The export strategy of Recep Tayyip Erdogan's government had a clear objective at the beginning of 2021. Ankara had set its sights on Africa with the intention of making the continent one of its best markets for arms sales, boosted in turn by events in, for example, the Maghreb region. Turkey has exported $2.793 billion worth of defence equipment in the first 11 months of this year, according to data from the General Assembly of Exporters reported by Nordic Monitor.
The nearly $3 billion in sales represents an increase of 39.7 per cent over last year's figures for 2020. Turkish export data in the military sector set a record in 2019 with 2.7 billion, a figure that is expected to be far exceeded by the end of this year. In fact, Turkey is expected to close the third quarter at over $3 billion and set a new record high, which would boost military hardware within the country's exports as a whole, accounting for about 2% of the country's total volume.
Africa has been one of the Erdogan government's best and most successful markets. The data could not reflect this more clearly. The increase is no less than 700 per cent compared to last year's figures. From 41 million last year to 328 million this year, making the African continent the fifth largest market for Ottoman exports, behind only North America ($1.56 billion), the Commonwealth of Independent States ($411 million), the Middle East ($381 million) and the European Union ($338 million).
Looking ahead, Africa is expected to become Turkey's third largest defence export market. As Nordic Monitor also reported months ago, Ankara has been actively seeking business opportunities, reaching agreements with Uganda, Benin, Sudan, Tanazania and the Ivory Coast, among others. Industrial production, as well as the sale and maintenance of military equipment, have been the fundamental objectives of these agreements, which have also brought positions closer in terms of technical and logistical support and information exchange.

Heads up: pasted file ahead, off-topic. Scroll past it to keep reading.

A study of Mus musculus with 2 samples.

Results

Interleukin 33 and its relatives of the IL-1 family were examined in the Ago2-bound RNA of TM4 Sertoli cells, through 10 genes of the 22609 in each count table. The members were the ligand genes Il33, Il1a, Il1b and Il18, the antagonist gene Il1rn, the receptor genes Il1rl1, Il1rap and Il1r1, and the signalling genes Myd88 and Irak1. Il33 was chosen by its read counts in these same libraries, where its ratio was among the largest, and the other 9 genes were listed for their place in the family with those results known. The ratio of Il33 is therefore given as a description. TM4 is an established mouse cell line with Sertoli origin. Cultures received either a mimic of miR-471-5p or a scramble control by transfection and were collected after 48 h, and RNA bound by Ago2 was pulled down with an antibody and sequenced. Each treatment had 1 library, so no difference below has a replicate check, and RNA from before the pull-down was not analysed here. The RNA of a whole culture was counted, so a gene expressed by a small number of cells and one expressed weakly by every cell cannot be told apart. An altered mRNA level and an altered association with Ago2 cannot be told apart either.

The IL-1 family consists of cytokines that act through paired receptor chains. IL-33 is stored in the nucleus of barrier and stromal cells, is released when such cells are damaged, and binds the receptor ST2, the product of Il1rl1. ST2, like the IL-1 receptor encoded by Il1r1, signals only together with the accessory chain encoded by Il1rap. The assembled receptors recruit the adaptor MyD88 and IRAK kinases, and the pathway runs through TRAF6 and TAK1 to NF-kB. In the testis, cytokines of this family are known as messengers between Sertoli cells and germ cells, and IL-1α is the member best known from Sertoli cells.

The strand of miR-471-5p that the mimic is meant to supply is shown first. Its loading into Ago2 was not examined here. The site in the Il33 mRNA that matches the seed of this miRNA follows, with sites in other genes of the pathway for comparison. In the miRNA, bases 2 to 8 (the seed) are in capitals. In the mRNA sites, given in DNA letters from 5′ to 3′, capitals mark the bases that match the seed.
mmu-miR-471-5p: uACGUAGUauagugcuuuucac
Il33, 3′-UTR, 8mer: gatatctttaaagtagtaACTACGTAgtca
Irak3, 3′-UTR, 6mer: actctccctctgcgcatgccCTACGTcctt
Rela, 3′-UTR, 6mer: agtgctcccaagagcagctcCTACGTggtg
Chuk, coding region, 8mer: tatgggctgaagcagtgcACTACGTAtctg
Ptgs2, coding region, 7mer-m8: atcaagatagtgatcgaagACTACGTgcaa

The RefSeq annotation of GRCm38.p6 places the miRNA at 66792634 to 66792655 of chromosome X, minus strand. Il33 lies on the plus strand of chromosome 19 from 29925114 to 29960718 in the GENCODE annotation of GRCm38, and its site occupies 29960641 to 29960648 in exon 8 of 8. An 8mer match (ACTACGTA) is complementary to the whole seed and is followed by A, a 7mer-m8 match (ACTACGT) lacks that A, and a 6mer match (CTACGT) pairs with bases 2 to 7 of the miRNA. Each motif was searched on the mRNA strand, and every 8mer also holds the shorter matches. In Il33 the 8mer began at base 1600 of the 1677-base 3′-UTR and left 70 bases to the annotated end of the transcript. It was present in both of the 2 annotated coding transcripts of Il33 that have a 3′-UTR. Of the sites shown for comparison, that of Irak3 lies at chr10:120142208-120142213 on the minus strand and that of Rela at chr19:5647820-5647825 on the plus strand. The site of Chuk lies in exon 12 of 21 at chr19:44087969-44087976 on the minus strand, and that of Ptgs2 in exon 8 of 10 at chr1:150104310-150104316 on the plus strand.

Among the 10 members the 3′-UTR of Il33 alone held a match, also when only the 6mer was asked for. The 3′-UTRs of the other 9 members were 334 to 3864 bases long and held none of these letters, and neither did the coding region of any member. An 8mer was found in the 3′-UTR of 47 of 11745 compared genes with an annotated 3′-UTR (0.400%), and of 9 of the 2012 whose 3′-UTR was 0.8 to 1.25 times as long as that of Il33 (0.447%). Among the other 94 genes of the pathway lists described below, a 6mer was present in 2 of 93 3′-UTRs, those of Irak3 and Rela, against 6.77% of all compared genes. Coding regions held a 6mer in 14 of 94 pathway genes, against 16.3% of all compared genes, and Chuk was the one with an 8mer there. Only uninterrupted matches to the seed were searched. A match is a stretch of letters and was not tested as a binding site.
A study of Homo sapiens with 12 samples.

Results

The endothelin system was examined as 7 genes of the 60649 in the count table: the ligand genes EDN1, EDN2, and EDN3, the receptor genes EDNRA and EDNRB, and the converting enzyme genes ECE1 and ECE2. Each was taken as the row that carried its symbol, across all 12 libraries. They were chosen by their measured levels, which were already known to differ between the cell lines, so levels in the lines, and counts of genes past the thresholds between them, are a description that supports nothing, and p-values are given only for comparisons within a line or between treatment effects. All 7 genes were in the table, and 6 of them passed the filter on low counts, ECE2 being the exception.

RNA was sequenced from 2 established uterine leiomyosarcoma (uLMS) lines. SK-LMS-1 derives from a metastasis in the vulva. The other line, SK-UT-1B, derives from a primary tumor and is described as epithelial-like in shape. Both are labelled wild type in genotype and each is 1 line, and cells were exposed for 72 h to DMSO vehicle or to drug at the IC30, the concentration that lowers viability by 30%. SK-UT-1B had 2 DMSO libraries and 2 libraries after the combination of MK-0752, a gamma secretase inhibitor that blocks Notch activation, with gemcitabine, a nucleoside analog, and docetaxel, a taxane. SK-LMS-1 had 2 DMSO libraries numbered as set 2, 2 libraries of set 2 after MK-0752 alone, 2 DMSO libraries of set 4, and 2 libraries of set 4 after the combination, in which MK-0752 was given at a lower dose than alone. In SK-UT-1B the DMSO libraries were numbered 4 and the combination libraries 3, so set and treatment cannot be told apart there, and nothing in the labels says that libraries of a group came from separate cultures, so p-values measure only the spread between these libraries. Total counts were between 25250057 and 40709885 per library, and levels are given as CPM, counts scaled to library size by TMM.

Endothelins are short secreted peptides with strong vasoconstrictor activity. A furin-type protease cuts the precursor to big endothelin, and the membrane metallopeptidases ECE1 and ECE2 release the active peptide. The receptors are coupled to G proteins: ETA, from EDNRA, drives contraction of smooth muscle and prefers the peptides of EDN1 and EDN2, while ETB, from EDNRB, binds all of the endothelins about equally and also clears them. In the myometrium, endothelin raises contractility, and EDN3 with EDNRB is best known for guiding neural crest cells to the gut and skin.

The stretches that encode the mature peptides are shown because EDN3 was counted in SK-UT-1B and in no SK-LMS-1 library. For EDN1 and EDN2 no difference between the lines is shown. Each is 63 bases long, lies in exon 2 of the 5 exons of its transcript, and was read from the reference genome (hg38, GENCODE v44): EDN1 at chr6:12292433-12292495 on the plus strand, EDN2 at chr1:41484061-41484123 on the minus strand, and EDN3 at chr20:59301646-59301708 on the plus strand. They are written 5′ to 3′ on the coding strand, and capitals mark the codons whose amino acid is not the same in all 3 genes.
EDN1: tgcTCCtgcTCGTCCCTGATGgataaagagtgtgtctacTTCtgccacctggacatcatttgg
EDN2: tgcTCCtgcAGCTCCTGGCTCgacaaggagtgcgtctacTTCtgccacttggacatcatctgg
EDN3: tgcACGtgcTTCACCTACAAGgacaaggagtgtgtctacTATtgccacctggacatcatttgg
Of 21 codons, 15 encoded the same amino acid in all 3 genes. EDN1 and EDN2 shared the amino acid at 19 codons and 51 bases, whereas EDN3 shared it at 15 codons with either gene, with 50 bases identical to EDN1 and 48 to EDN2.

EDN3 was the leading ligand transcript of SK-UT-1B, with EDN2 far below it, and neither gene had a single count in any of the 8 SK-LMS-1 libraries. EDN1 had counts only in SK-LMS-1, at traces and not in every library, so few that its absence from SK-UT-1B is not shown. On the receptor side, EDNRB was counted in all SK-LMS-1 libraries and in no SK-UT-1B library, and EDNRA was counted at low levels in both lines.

Turkey has strengthened ties indiscriminately. Morocco and Algeria, estranged since breaking off diplomatic relations on 24 August, have both been targets of agreement with Erdogan's side. Rabat signed a contract with Ankara in April for the purchase of 13 Bayraktar TB2 unmanned combat air vehicles worth $70 million. The same pact stipulates that the Turks will build four remote control stations and provide a system to track and store information. Tunisia has also been Turkey's customer for UAVs developed by Turkish Aerospace, acquiring TAI Anka for $80 million.
The long list of African countries that have signed agreements with Recep Tayyip Erdogan's government also includes Nigeria, Ghana, Somalia, Niger, Chad, Kenya, Burkina Faso, Mali and Rwanda. Most of these countries have acquired lower-cost equipment, particularly rifles and armoured vehicles. However, Nigeria stands out for the acquisition of targeting pods from the company ASELSAN and Niger for the TAI Hurkus combat aircraft and, like Morocco, the Bayraktar TB2.
This year, Turkey has achieved a significant increase in its exports to Africa. It should not be forgotten that this is only the first step in what Erdogan's government wants to achieve in the continent, making it one of its best markets. Taking advantage of situations such as the one between Rabat and Algiers is one of the trump cards that Ankara wants to exploit, and it has already made firm progress in its goal of gaining a prominent position in the African continent's arms market, with a record-breaking rise by the end of the year.